Isuzu 4x4 D-MAX LS-T Crew Cab – 380Nm torque, 130kW power, 3.5 tonne towing capacity

Isuzu 4x4 D-MAX LS-T Crew Cab – 380Nm torque, 130kW power, 3.5 tonne towing capacity

Not only did we get to do a hot lap in an Isuzu 4x4 D-MAX on two wheels, then ride up and down the 45° ramp at the October Boat, Fishing and 4WD show but also, last month, Gunnings Automotive Group in Kadina made this LS-T Crew Cab available for us to test in November.

Several interested associates, on learning of this up-coming test, asked that we address some specific aspects of the D-MAX LS-T, their interest being, in the main, focussed on towing either fishing boats or caravans.

First among these was the fuel capacity, which turned out to be a slightly miserly 76 litres. However, Gunning’s sales manager Ray Faulkner pointed out that many buyers, Gunnings being the nation’s leading D-MAX dealership, overcame this by having their nearest ARB dealer instal a 133 litre “ARB Long Ranger” tank.

Next came the inevitable trio of towing capacity (3.5 tonnes with trailer brakes), power (130kW) and torque (380Nm @ 1800rpm). In fact, the D-MAX LS-T torque curve was very flat from 1800 to around 2,700 rpm.

We noted, while towing a 7.10m Trailcraft from Kadina to Alford on a 40km round trip, that despite having to tackle strong side and head winds over a series of small hills, the D-MAX LS-T settled easily into its stride.

Running at 2,500 rpm, we travelled at 95kph (100 indicated), with the Isuzu’s five-speed “Rev-Tronic” automatic transmission staying comfortably in 4th gear. Later, without the boat, we ran at 100kph (103 indicated) in 5th gear, into and with the wind, getting 8L/100km.

The test vehicle had around 90km on the clock before we got hold of it, so the engine and running gear were still fairly tight, but having covered over 170km of combined town, country and towing duties, the D-MAX LS-T returned a very commendable overall average of 13.6L/100km.

In answer to the remaining string of serious questions, we can report that the Isuzu D-MAX LS-T has a wading depth of 500mm, a general ground clearance of 235mm. 240V/12V power outlets in both the rear of the cab. and in the tray can be retro-fitted, as can a dual battery system. Rear seat space we deemed to be on average, but can confirm that air-conditioning is delivered here via. ducts under the front seats.

The stylish canopy fitted to our test vehicle was lockable and a generous seal was provided to the base of the rear hatch. Ray did point out however that, as the tailgate was designed to get rid of any accumulated water, most buyers made their own arrangements when trying to better seal the tray. Both side windows of the canopy opened out and all were nicely tinted for further security.

Now, with all that out of the way, we in turn would care to focus on the brilliant Isuzu D-MAX LS-T’s reversing camera. Mounted in the tailgate handle frame, the camera, angled to clearly show the tow-ball and a very helpful perspective grid, displayed on the big 7” central dash. screen which, when reverse was not engaged, served as the screen for the D-MAX LS-T GPS mapping feature.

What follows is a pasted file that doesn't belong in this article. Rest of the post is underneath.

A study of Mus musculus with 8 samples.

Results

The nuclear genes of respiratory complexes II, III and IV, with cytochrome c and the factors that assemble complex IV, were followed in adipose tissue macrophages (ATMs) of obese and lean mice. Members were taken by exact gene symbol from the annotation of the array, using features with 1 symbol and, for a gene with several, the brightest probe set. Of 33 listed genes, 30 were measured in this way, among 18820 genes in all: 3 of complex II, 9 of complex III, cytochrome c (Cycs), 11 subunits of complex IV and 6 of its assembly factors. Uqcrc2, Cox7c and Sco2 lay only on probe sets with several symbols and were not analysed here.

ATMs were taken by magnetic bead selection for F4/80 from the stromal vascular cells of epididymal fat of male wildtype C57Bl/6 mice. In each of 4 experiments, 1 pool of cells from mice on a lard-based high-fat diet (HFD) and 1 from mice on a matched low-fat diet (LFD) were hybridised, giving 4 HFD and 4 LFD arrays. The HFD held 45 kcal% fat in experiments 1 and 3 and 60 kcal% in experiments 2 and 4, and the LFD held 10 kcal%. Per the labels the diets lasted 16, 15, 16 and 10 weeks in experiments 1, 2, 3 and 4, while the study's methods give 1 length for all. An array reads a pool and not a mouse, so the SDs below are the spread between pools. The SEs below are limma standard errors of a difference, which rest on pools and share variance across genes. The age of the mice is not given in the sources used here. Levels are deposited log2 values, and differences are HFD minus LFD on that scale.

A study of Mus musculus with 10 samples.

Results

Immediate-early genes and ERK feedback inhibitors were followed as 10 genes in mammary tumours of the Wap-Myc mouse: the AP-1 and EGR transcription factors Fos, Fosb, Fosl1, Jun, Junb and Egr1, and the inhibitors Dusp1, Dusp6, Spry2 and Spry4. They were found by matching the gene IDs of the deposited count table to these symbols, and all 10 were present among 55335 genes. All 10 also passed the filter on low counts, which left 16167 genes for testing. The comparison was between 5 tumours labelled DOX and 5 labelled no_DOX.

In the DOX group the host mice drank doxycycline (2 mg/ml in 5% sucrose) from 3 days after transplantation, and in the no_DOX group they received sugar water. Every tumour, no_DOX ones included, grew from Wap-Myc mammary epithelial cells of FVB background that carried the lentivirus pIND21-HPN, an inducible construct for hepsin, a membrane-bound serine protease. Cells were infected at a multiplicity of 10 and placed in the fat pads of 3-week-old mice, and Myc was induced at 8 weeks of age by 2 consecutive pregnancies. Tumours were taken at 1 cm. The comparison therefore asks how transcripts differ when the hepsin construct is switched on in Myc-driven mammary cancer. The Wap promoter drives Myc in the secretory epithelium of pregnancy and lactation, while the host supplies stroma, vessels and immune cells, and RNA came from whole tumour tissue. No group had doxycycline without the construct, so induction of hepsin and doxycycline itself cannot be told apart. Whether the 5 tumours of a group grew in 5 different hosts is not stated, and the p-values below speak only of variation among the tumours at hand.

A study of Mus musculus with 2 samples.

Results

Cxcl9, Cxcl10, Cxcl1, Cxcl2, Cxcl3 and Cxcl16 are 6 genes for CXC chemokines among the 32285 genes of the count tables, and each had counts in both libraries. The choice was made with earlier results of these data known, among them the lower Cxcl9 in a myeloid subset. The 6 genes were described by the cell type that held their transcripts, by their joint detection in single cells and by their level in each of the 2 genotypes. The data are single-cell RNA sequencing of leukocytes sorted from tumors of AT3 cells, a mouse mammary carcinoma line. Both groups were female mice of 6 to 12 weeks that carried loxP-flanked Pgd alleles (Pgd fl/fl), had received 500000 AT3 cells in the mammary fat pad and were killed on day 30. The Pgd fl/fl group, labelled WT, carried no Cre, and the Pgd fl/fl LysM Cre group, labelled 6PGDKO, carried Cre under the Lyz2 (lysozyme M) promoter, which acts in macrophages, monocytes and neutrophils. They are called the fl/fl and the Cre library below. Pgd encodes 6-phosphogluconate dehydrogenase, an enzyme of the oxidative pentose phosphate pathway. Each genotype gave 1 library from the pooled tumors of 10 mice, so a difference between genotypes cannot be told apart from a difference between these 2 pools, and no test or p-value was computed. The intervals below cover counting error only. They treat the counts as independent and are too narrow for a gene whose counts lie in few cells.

Particularly for those who have to work alone, this single aspect of the Isuzu D-MAX LS-T would make for far safer, more efficient and less stressful time spent on the job.

There is no shortage of technical data available on the web for those so inclined, but here in the real world we were more interested in the experiential areas of ride, handling and safety.

The driver’s seat squab and back adjusted electrically with a simple double lever, while the steering wheel adjusted up and down about 5cm. In seconds, we were perfectly set up for the road, with a clear view of the dash as well as the road both ahead and behind.

Around town the D-MAX LS-T was comfortable, easy to manoeuvre and had a surprisingly small turning circle. Out on the road, we were impressed with the LS-T’s smooth acceleration, low levels of wind noise and overall stability, particularly when pushed through corners.

Excellent visibility combined with very efficient power-assisted, ABS brakes (disc in front, drums at rear) promoted driving confidence. Passive safety was well represented with six airbags (dual front, side and curtain), side anti-intrusion bars in all doors, electronic stability control, traction control and emergency brake assist.

However, the Isuzu D-MAX LS-T’s primary roles as both a work vehicle and business investment were reflected in its truck-like construction, based on a seven cross-membered rail chassis. Put under stress on less than perfect road surfaces it did tend to buck, but would not stray off-line.

We came away from the test fully convinced that the Isuzu D-MAX LS-T convincingly made the inevitable compromise between high task demand and acceptable operator comfort. No wonder it’s selling so well.